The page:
Daimler, BMW to invest $1.13 billion in venture to rival Uber

Daimler Dieter Zetsche chief executive, right, and BMW chief Harald Krueger present the merger of their car sharing activities on Friday, February 22 in Berlin. (AFP)
Updated 22 February 2019

Daimler, BMW to invest $1.13 billion in venture to rival Uber

  • Carmakers Shifting beyond manufacturing and car sales toward pay-per-minute or pay-per-mile systems
  • Carmakers face marginalization by cash-rich technology firms unless they develop services based on vehicle usage

BERLIN: German carmakers Daimler and BMW unveiled a joint ride-hailing, parking and electric car charging business on Friday to compete with mobility services provided by Uber and other tech firms.
The luxury car firms said they would invest more than €1 billion ($1.13 billion) to expand the joint venture, shifting beyond manufacturing and car sales toward pay-per-minute or pay-per-mile systems.
Consultancy PwC has said carmakers face marginalization by cash-rich technology firms unless they develop services based on vehicle usage.
Established ride-hailing firms have been expanding. China’s Didi Chuxing aims to build its business in Latin America and Uber is gaining a stranglehold on its US market.
“Further cooperation with other providers, including stakes in startups and established players, are also a possible option,” Daimler’s Chief Executive Dieter Zetsche said.
Daimler’s Car2Go car-sharing brand will be combined with BMW’s DriveNow, ParkNow and ChargeNow businesses, with both carmakers holding 50 percent stake in the venture.
The venture has five strands: REACH NOW, a smartphone-based route management and booking service, CHARGE NOW for electric car charging, FREE NOW for taxi ride-hailing, PARK NOW for parking services and SHARE NOW for car-sharing.
“These five services will merge ever more closely to form a single mobility service portfolio with an all-electric, self-driving fleet of vehicles that charge and park autonomously,” said BMW Chief Executive Harald Krueger.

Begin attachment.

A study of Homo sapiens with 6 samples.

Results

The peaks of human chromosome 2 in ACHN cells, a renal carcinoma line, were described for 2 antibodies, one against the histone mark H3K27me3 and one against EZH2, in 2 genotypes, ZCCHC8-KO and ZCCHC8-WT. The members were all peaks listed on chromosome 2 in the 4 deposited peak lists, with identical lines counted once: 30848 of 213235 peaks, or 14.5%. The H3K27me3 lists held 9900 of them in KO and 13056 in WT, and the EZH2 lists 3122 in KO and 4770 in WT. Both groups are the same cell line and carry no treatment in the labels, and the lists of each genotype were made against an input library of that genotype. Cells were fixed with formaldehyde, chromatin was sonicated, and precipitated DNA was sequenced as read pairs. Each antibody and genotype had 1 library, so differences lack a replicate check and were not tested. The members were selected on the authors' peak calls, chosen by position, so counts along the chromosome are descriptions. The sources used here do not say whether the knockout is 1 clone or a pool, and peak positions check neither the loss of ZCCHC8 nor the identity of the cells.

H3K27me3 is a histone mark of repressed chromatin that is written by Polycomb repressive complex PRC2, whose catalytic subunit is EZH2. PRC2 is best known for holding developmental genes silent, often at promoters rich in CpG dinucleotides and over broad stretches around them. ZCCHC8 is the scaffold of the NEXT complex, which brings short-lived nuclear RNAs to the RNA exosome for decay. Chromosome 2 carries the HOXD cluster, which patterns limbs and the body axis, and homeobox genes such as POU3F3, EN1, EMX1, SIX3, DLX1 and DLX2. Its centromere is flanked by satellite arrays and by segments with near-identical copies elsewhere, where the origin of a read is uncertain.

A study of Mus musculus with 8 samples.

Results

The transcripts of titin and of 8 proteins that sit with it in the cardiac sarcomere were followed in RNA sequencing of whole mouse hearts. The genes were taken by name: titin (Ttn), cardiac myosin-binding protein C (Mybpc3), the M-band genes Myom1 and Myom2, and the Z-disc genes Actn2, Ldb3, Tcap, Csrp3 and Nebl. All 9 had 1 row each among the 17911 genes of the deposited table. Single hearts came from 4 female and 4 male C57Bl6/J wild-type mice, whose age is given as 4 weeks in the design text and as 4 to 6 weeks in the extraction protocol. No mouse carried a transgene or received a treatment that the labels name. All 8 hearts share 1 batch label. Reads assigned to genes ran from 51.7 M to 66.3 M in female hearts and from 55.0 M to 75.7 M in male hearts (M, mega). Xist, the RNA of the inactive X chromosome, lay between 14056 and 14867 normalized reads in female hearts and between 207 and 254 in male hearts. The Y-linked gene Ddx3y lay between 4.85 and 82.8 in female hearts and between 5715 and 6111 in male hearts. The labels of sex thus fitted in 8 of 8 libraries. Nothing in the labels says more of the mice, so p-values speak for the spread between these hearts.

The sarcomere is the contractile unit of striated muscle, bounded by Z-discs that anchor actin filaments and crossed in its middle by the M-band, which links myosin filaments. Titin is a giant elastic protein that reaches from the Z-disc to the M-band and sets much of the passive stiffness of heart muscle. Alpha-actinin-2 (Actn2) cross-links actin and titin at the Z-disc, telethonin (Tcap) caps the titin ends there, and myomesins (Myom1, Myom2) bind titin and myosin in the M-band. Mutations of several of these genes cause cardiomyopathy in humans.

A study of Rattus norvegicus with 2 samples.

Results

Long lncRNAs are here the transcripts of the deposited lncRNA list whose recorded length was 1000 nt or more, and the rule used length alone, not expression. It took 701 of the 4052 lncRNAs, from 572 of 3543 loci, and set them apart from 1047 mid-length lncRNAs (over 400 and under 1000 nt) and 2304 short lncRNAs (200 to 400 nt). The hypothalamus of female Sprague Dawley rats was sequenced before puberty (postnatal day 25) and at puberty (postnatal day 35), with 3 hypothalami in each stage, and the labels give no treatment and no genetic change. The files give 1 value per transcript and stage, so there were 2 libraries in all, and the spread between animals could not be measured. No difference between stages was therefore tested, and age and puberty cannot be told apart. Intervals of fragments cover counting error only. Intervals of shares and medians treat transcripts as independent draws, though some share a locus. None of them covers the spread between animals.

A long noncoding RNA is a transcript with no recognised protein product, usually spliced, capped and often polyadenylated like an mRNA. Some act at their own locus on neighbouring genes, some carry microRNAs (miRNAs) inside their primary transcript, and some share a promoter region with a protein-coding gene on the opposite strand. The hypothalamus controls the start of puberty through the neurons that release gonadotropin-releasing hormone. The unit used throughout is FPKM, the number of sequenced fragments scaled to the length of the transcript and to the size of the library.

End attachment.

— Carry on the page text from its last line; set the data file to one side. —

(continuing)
BMW and Daimler are working to develop autonomous cars, vehicles which could enable them to up-end the market for taxi and ride-hailing services.


German economy to shrink by 5.2% this year, grow by 5.1% next year

Updated 22 September 2020

German economy to shrink by 5.2% this year, grow by 5.1% next year

  • The number of people out of work is seen rising to 2.7 million this year from 2.3 million in 2019
  • The Ifo institute cautioned that there was an unusually high degree of uncertainty attached to the forecasts

BERLIN: Germany’s Ifo institute on Tuesday said Europe’s largest economy would likely shrink by 5.2 percent this year, raising its previous estimate for a 6.7 percent drop, in the latest sign the damage caused by the COVID-19 pandemic could be smaller than initially feared.
“The decline in the second quarter and the recovery are currently developing more favorably than we had expected,” Ifo chief economist Timo Wollmershaeuser said.
For 2021, Ifo cut its economic forecast for Germany to 5.1 percent growth from its previous estimate of 6.4 percent. It expects the economy to expand by 1.7 percent in 2022.
The number of people out of work is seen rising to 2.7 million this year from 2.3 million in 2019, before edging down to 2.6 million in 2021 and then to 2.5 million in 2022.
That would translate into a jump in the unemployment rate to 5.9 percent this year from 5.0 percent last year. The rate would then drop to 5.7 percent percent in 2021 and 5.5 percent in 2022, Ifo said.
The Ifo institute cautioned that there was an unusually high degree of uncertainty attached to the forecasts. It pointed to the rising number of coronavirus infections, the risk of a disorderly Brexit and unresolved trade disputes.